Following an 18-turnover effort and a one-point loss at Fresno State last Wednesday, the Aztecs needed to mix something up, they needed something different.
San Diego State had won three of its last four games by the skin of its teeth, narrowly escaping defeat thanks to a controversial call on an inbound play, and a freshman dribbling the ball off his leg.
On a night when starting freshman point guard, and the team’s leading scorer, Jeremy Hemsley, sat out of the entire game due to a right foot bone bruise, the Aztecs needed redshirt-junior forward Matt Shrigley to reassert himself as a preeminent offensive threat.
And that’s exactly what happened.
“He was 4 for 9 and he made some timely (3-point baskets) early, and I think that helped other guys make theirs,” head coach Steve Fisher said after Saturday’s 70-61 win over Air Force Academy.
SDSU entered its Saturday night contest against Air Force shooting 14 of 63 from behind the 3-point line.
The Falcons opened the contest playing a zone defense and packing in the paint with defenders to negate the Aztec size advantage — the Falcons tallest starter was 6-foot-7 while SDSU started three players that were taller.
The Aztecs opened the game missing six straight 3-points attempts.
Sophomore forward Malik Pope connected on the seventh.
Then Matt Shrigley happened.
Two minutes after entering the game, Shrigley snapped an 0-for-13 3-point shooting streak and dropped his first 3-pointer of the season.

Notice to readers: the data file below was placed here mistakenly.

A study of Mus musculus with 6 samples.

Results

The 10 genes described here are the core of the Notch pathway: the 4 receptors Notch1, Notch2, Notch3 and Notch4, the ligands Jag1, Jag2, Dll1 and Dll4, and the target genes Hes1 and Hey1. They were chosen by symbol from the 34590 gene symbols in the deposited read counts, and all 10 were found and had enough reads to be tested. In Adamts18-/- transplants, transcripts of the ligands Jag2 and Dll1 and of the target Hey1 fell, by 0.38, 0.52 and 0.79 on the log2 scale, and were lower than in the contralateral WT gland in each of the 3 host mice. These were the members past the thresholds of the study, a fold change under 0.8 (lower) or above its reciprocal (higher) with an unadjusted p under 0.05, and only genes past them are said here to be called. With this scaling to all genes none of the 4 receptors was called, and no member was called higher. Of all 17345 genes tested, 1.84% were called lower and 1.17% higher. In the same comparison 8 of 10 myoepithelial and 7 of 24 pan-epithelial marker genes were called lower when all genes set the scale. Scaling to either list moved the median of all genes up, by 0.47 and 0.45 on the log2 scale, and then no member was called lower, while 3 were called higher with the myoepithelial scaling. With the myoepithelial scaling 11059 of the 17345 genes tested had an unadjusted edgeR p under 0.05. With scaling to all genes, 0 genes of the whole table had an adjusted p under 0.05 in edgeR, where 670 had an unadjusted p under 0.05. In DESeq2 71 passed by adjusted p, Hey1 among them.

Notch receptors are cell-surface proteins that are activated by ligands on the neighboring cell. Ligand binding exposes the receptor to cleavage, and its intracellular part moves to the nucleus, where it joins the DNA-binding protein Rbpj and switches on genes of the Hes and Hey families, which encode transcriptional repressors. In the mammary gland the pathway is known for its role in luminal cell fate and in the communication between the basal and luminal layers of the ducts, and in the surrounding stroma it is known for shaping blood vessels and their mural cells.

Over the next 54 seconds Shrigley dropped two more 3s, opening the game converting 4 of 5 3-point attempts.
With every 3, the crowd delivered a roof-busting roar.
The crowed needed this type of performance, but the team needed it more.
“Matt’s a basketball player that has proven in his tenure here that he can help this team,” Fisher said.
As the Aztecs approach their final five games of Mountain West play, getting Shrigley going couldn’t come at a better time.
Throughout the season, SDSU has only shot 29 percent from behind the 3-point line, tightly securing No. 337 in the country in 3-point shooting percentage — there are only 351 Division I teams.
This is precisely why SDSU needs Shrigley’s precise shooting.
As the Aztecs finish conference play and move onto the conference tournament — earlier this week media experts predicted SDSU needed to win to advance to the NCAA tournament — they need a reliable deep threat.
Hemsley leads the team by converting 35 percent of his 3-point attempts and sophomore guard Trey Kell is not far behind at 33 percent, but as Kell has demonstrated by shooting 1 for 11 from beyond the arc against University of New Mexico and 1 for 6 in the first half against Air Force, shooters don’t always make shots.
Shrigley gives the Aztecs another, and hopefully more, reliable option behind the 3-point line.
Don’t think other MW teams aren’t aiming to take down the conference’s best team.
Don’t think they ignore the Aztecs’ Achilles heel, known as shooting.
Don’t think they aren’t trying to reinvent a better zone that will force SDSU to launch more than its 39 3-point attempts last Saturday night.
Those teams watch closely, and they lick their lips waiting to get another chance to zone the top team’s offense, hoping that the Aztecs’ 3-point shooting will once again return to its oft-fickle form.
But on Saturday, instead of seeing the zone ruin the Aztec offense, they saw Shrigley, and suddenly the zone doesn’t look like a sure bet to keep the Aztecs off the scoreboard.